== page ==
As an active parent in the Santa Monica-Malibu school district, Shannon Gabor knows how much of a struggle it can be to fundraise. As an entrepreneur who runs an area business, she felt she could provide some help.

“When I became a mom, I realized there was an opportunity to blend my professional passion with what I was seeing as an opportunity to reinvent the fundraising model,” she said. “It became about, ‘How can we create more of an experience for kids to fundraise in a little bit more of a grassroots way, where they’re active participants?’”

Gabor is the CEO and founder of Clever Creative, a creative design agency in West Los Angeles. Her firm recently launched Clever Kids, a philanthropic vehicle that will host workshops for children and donate the proceeds to local schools and other nonprofit organizations.

Clever Kids recently raised $800 for the Parent Teacher Association at John Muir Elementary School, where Gabor’s daughter is currently enrolled.

“I see how hard people are working on fundraising at John Muir,” Gabor said. “I just thought, ‘How cool would it be if, rather than just doing the traditional fundraising, could we supplement that with experiential fundraising?’ My daughter has such school pride … and in this model she was able to see her community of friends come together. They understood what they were doing, they realized they were enjoying themselves and they were helping their school. It was a cool way to learn and create and give back. We were hoping Clever Kids could make it easier for schools to do that.”

In mid-September, a workshop at Clever Creative’s offices featured three different stations where Gabor’s staff helped about 20 John Muir students turn physical art creations into digital designs. First they created 2- and 3-dimensional projects using a variety of craft materials. Then their art was captured with a digital camera and transferred from a memory card to a computer. Finally, the children used software to enhance their designs electronically.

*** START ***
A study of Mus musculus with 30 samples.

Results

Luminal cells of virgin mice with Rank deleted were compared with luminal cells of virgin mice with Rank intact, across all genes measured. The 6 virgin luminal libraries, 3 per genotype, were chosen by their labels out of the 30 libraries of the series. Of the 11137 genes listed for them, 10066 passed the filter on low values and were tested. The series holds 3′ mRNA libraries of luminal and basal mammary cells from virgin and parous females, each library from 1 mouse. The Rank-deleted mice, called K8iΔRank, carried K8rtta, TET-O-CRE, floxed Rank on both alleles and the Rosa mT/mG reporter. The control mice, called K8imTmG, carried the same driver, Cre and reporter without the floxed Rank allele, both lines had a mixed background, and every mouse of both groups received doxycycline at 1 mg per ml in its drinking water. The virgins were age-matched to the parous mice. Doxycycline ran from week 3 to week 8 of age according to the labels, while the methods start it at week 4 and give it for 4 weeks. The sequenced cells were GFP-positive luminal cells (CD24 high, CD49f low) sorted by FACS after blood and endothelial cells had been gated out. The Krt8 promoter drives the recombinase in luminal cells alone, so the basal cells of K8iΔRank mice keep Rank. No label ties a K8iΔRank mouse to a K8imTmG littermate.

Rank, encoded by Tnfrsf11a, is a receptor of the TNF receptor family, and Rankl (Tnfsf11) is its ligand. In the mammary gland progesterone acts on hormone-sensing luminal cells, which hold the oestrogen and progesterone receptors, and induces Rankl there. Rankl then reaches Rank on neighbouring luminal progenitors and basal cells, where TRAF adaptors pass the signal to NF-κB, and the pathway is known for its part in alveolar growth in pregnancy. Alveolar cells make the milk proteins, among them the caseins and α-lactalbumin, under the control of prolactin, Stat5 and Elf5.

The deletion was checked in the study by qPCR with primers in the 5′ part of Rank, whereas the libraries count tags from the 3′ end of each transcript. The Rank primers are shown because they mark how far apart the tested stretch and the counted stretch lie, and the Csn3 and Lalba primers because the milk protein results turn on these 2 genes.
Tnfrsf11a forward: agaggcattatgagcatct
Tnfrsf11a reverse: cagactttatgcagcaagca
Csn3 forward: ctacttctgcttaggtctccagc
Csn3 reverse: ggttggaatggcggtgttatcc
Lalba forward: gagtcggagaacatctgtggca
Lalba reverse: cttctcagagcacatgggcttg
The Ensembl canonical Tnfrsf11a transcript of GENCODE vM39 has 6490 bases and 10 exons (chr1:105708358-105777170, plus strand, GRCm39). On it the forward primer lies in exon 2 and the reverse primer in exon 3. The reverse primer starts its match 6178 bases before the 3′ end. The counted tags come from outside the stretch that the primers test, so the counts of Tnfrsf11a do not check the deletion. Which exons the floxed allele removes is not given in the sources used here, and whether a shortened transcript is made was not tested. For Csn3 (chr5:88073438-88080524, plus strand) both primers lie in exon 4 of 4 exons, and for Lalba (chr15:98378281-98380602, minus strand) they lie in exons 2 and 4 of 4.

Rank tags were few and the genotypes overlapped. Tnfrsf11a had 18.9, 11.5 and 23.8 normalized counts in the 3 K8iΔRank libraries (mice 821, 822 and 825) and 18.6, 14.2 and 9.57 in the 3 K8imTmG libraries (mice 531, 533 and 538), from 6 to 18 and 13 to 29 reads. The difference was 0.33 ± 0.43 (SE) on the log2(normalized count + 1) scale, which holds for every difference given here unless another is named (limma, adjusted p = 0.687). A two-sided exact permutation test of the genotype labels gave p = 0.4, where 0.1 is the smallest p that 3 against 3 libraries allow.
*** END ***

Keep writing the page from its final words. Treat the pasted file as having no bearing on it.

“It gave them a chance to see how we capture art, how the computer serves as a tool for us to manipulate and change things,” Gabor said. “It was remarkable. It was great to see these young minds look at the computer and have some fun digitally.”

Gabor said it was also a great experience for her employees to give back to the community. Their donations of time and energy complemented the materials, food and beverages that Gabor received from generous businesses.

Of particular importance to the success of the workshop was her connection with Yoobi, a for-profit school supply company that donates materials to underserved campuses for every sale it makes. Gabor said she hadn’t heard about Yoobi until a shopping trip with her daughter to Target, and she said the company was very receptive when she reached out about getting supplies for the workshop.

Gabor said it’s her agency’s goal to host one workshop each quarter in 2016, and she added that the events could eventually support groups other than the John Muir PTA.

“I call myself a mom-preneur, and it feels really good to see my daughter see me in a way that’s giving back,” she said. “I work hard to give back, do good and be a good role model for her.”